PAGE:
Anti-VEGF Neutralizing Protein Shows Promise in Age-related Macular Degeneration


Long-term intravitreous injections of novel drug found safe and effective for chronic retinal or choroidal vascular diseases.

Despite only reporting early phase 1 study results, the use of long-term intravitreous injections of AAV2-sFLT01 has shown to be not only safe but promise as a potential new therapy for chronic retinal or choroidal vascular diseases.

The treatment, a vascular endothelial growth factor (VEGF) neutralizing protein targeting adeno-associated viral (AAV) vectors, uses AAV as a carrier-gene and could significantly decrease the treatment burden for patients currently receiving monthly anti-VEGF injections.

Led by Jeffery Heier (pictured), MD, co-president, medical director, and director of retina research at Ophthalmic Consultants of Boston, the investigators targeted VEGF due to its key role in AMD development, noting that "intraocular injections of VEGF-neutralizing proteins reduce leakage, allowing fluid resorption and improvement in visual acuity" for patients with AMD.

Unfortunately, despite the benefits of VEGF-neutralizing injections, the treatment is uncomfortable for patients and requires repeated, usually monthly, intraocular injections to maintain visual gains. Heier and colleagues, intent on providing long-term VGEF suppression and reducing treatment burden, looked to the clinical success of AAV serotype2, as a means to provide more long-term anti-VEGF protein expression.

The study included 19 patients aged 50 or older (mean age 76.2 years) with advanced neovascular AMD and best corrected visual acuity (BCVA) of ≤ 20/100 (mean baseline 25.5) in the study eye, and evidence of intraretinal or subretinal fluid on the macula as diagnosed by optical coherence tomography (OCT). Each study participant received one intravitreous injection of AAV2-sFLT01 at 4 outpatient retina clinics.

Participants were placed into 4 dose-ranging cohorts by order of enrollment (n=3 each) and 1 maximum tolerated dose (MTD) cohort (n=7) as determined by responsiveness to previous anti-VEGF therapy in 12 months prior to study screening.

Each cohort received a single fixed volume 100 μL injection of AAV2-sFLT01. Cohort 1 received a dose of 2 × 10⁸ vg, cohort 2 received 2 × 10⁹ vg, cohort 3 received 6 × 10⁹ vg, and cohorts 4 and 5 receiving the MTD of 2 × 10¹⁰ vg. OCT scans were performed at baseline, day 7, and weeks 2, 4, 8, 12, 18, 26, 38, and 52 to determine central retinal lesion thickness (CRLT) and thickness of subretinal tissue and fluid.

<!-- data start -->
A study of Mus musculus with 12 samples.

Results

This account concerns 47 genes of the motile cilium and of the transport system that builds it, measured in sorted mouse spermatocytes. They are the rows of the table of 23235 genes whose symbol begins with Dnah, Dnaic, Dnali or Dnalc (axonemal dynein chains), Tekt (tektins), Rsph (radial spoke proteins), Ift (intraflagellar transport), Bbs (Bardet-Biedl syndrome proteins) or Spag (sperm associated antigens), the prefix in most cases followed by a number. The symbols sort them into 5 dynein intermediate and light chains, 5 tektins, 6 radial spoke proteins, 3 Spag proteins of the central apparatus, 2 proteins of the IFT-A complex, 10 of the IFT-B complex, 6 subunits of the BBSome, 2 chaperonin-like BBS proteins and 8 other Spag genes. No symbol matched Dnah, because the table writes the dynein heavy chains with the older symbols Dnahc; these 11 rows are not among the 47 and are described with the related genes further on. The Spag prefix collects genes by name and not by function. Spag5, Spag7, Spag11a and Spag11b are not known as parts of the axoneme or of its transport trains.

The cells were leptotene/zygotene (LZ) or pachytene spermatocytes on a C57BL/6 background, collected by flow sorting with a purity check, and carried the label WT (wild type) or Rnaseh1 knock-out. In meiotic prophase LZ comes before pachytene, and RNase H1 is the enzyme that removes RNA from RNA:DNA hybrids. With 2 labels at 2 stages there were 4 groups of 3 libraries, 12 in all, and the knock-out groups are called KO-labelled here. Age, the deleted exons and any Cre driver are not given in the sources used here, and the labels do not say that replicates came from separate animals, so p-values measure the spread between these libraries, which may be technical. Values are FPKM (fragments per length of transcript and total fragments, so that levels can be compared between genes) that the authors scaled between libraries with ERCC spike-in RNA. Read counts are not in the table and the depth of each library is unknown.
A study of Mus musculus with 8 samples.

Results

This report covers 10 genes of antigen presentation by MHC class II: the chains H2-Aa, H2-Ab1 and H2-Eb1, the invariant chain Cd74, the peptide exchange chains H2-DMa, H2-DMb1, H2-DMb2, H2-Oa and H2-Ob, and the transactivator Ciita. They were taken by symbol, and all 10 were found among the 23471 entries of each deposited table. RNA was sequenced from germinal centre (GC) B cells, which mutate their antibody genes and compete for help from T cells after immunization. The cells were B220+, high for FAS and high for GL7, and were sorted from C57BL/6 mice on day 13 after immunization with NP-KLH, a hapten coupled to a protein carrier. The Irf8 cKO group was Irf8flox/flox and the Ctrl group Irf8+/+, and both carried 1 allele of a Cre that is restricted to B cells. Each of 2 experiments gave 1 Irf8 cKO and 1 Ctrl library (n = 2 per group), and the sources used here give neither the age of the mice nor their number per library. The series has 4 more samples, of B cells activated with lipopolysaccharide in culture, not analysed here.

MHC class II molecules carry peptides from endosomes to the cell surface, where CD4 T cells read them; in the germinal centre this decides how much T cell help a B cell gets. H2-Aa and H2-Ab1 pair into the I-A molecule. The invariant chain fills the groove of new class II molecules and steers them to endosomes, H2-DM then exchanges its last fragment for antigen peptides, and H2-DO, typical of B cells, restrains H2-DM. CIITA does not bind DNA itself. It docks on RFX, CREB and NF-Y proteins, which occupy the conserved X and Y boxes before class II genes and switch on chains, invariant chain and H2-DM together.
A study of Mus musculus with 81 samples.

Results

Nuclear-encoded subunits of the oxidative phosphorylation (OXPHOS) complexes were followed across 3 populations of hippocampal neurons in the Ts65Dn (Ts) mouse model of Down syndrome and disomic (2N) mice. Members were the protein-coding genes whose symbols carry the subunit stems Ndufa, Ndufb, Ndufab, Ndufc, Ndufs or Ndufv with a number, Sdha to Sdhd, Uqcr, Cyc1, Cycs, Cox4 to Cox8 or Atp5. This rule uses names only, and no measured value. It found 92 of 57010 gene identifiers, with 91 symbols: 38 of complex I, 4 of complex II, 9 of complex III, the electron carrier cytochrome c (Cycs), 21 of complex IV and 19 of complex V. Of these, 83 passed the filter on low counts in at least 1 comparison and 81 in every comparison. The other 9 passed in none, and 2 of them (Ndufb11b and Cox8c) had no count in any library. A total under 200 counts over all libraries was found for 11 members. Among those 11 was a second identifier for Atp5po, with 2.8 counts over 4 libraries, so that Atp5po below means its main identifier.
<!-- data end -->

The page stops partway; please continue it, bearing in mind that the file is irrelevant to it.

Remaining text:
Heier and colleagues reported "no dose-limiting toxic effects during the dose escalation phase" and no identified MTD. Only 2 out of the 19 patients (both receiving MDT) experienced adverse events (AEs) associated with treatment (pyrexia and intraocular inflammation). Other AEs reported by patients were deemed to be disease-related rather than treatment-related.

Eleven patients were classified as having fluid and expected to respond to anti-VEGF therapy. Dramatically positive effects of treatment were reported in 4 patients who showed significant reductions of central subfield thickness (CST) from baseline and “substantial” reduction of fluid sustained for a year, as well as improvement from baseline BCVA ≤10 letters. Two patients showed partial reductions in fluid, and 5 showed minimal reductions in fluid through week 52. Overall, 6 out of 11 patients showed significant to partial improvement under the treatment.

Elizabeth P Rakoczy MSc, PhD, with the Centre for Ophthalmology and Visual Sciences at the University of Western Australia in Perth, commented in an editorial that "AAV2-mediated gene delivery is a viable option for long-term drug production.”

“Antiangiogenic treatments have changed the world for wet-AMD sufferers who now have a reasonable chance of preserving their vision," Rakoczy told MD Magazine. "Not all patients respond to the treatment (up to 45%), but this non-response of wet-AMD patients to anti-VEGF therapies can be due to an exceptional imbalance between angiogenic and anti-angiogenic factors (lots of VEGF and no or very little [sFLT01]) and/or factors other than VEGF not being targeted."

Rakoczy noted that it is essential for researchers to better understand the pathogenesis of the condition, including the changing ratios of VGEF and sFLT01 during angiogenic therapy.

“The eye is an excellent target for gene therapy for both genetic and chronic conditions due to its confined space, and the limiting effects of the regina-blood barrier, which reduces the spread of injected AAV2 and produced medication,” Rakoczy said. Rakoczy, Heier, and colleagues, agree that the treatment holds promise for AMD sufferers, but that future clinical trials are needed.